Learning the second language
Alejandro Rivera – Special to the Southern News
Alex Soriano, junior accounting major and spanish minor, said that because of the Hispanic and Latino growth in the United States, it is important to learn the language of Spanish.
“There are plenty of other languages to learn,” Soriano said, “but let’s be realistic and acknowledge the fact that Spanish is the second most spoken language in the United States.”
According to statistics from the U.S Census Bureau, Spanish is the most spoken language in the United States other than English. In 2011, there were more than 37 million Spanish speakers older than the age of five and since 1980, studies show that Spanish-speaking has grown 233 percent. The U.S Census Bureau also reports that in 2020, the number of Spanish speakers should grow up to 43 million.
Lexi Sobireski, sophomore marketing major, said she realizes the importance of learning another language, but does not think it should be required.
“Sometimes, learning another language can be too much for a person to handle,” Sobireski said. “I dislike how Southern Connecticut State University requires students to take a language. I get that they are trying to give us more opportunities, and graduate students of many capabilities, but some people like me would rather be involved in other fields that don’t require a new language to be learned.”
Resha Cardone, department chair for all languages at SCSU, said learning a new language opens a door to a new world.
“Many people think that learning a new language as an adult is too difficult,” Cardone said. “I began learning Spanish around high school and continued through college. Now, I speak three languages other than English: Spanish, French, Portuguese.”
Cardone also said the Spanish language has been growing, but a look back in history shows that parts of the United States used to be territories of Spanish-speaking nations, therefore, Spanish speakers have been in the U.S for a long time.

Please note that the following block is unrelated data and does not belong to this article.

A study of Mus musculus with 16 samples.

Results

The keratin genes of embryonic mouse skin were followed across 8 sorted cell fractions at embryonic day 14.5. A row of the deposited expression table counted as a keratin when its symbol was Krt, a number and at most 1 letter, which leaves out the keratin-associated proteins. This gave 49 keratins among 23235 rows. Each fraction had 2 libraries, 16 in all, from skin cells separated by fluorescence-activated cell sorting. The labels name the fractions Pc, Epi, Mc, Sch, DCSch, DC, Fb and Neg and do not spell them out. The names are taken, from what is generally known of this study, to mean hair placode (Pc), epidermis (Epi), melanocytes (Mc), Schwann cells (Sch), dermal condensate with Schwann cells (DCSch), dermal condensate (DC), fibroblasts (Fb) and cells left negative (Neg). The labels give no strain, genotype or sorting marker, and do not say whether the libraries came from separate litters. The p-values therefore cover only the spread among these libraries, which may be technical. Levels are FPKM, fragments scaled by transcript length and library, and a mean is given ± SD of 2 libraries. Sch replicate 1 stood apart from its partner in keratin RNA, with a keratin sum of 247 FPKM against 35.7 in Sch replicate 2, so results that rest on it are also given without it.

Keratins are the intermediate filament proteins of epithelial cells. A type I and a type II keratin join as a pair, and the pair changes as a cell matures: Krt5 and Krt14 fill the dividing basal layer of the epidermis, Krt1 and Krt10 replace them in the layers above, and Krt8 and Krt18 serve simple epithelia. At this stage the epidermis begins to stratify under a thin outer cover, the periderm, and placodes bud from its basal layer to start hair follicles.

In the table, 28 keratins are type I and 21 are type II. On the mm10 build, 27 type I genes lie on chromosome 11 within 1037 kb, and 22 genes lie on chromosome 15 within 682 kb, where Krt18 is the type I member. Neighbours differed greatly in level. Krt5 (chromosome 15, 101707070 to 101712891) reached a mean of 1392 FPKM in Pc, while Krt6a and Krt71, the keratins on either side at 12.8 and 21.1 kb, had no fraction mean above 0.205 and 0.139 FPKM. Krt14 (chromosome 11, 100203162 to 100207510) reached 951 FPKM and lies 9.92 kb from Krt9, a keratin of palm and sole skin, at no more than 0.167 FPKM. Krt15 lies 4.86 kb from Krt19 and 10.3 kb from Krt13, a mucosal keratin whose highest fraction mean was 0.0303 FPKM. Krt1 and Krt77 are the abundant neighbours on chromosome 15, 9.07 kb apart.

As the Spanish-speaking population continues to grow, Cardone said, “Hopefully bilingualism is more accepted in the U.S.”
Soriano said outside of school, he can communicate with people that speak Spanish, and use his skills to create a diverse environment at his job.
“There are a lot of Spanish speakers at SCSU,” Soriano said. “I can make new friends, and feel confident enough to translate if needed. I think that when a student graduates, an employer will certainly lean towards a student that speaks another language versus an applicant that only speaks English.”
Soriano said that many restaurants have menus that are translated into Spanish, and a lot of phone lines have the option to dial a number to speak to someone in Spanish.
“Due to immigration, and other cultural influences, I think the demand for bilingual citizens who speak Spanish is rising,” Soriano said.
“I am a firm believer that if people come to the United States,” Sobireski said, ” they should adjust to our language, we shouldn’t adjust to theirs.”
Cardone said learning another language improves a person’s cognitive ability and even helps with the understanding of the English language.
“It is really important that students know that learning a language is a lifelong process,” Cardone said. “Life consists of us constantly trying to improve our language, but some people do not realize that it takes time.”